CEOs' corporate jet use climbs

Executives' use of corporate jets for personal travel has skyrocketed since the pandemic's onset, The Wall Street Journal reported Jan. 16.

In 2022, S&P 500 companies spent $65 million for executives to use corporate jets for personal travel — a 55% increase from 2019, according to the report. Analysts believe this trend continued into 2023, based on preliminary data. 

Equilar reported a 92% surge in corporate spending on personal flights since March 2022. In the three previous years, the number of firms offering private jets to executives rose 14%. CEOs, specifically, use the bulk of the benefit budget. 

Fuel costs were higher in 2022 but do not account for all the heightened spending. Companies' personal travel costs have outpaced overall growth in business jet traffic, as takeoffs and landings have increased only 19% since 2019.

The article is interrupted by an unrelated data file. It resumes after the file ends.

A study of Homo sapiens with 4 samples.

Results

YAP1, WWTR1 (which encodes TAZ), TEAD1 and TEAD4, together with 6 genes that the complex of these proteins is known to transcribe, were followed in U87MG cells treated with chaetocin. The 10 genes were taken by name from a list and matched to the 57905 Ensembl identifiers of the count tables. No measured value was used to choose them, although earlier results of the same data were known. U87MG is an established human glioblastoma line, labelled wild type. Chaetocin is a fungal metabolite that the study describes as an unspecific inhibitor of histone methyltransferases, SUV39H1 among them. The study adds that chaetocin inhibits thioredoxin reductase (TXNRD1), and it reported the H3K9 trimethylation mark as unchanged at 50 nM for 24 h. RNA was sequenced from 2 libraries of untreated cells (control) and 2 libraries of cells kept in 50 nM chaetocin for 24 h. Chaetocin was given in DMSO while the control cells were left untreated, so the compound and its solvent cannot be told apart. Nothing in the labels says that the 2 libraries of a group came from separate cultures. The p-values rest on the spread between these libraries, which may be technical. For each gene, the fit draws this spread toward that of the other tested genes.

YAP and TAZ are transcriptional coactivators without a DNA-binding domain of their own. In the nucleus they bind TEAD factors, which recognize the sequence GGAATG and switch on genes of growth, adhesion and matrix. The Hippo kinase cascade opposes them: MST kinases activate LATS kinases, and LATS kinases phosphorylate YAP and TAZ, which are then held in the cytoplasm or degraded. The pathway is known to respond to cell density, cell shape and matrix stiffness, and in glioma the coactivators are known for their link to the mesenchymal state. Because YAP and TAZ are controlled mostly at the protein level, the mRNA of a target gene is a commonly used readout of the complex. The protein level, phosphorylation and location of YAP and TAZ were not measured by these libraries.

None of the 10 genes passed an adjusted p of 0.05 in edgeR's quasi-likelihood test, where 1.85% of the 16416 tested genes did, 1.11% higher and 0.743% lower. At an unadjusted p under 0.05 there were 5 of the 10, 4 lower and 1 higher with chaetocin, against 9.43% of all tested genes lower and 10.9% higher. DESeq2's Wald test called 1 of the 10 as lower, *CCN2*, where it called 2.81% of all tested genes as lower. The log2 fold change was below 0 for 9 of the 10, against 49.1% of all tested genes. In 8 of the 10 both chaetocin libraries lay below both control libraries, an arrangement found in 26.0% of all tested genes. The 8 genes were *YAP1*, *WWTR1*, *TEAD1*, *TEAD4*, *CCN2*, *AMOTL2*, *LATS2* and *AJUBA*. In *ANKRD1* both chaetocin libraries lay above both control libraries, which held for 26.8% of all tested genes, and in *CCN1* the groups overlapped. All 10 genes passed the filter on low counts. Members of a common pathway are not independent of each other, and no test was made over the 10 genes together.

Corporate jets symbolize "corporate success and, to critics, excess," according to the Journal

And although "excess" is not commonly used to describe health systems' finances, the sector's larger companies are not excluded from this narrative. Four of the largest for-profit health systems in the U.S. — Franklin, Tenn.-based Community Health Systems, Nashville, Tenn.-based HCA Healthcare, Dallas-based Tenet Healthcare and King of Prussia, Pa.-based Universal Health Services — have reported that their CEOs can use the corporate jet for personal travel, according to SEC filings. Cardinal Health, a Dublin, Ohio-based healthcare services company, was among the companies that expanded the perk amid the pandemic, citing health and safety concerns. 

The multimillion-dollar spend might appear massive, but corporate jet use hardly dents these companies' budgets, according to the Journal. And although use of the perk is on the rise, it is still relatively uncommon. 

"The vast majority of S&P 500 companies do not offer this perk," Rosanna Landis Weaver, an executive-pay analyst at nonprofit shareholder-advocacy group As You Sow, told the Journal. Her group produces an annual list of "overpaid CEOs." View the most recent report — including 15 names with a specific interest in healthcare — here.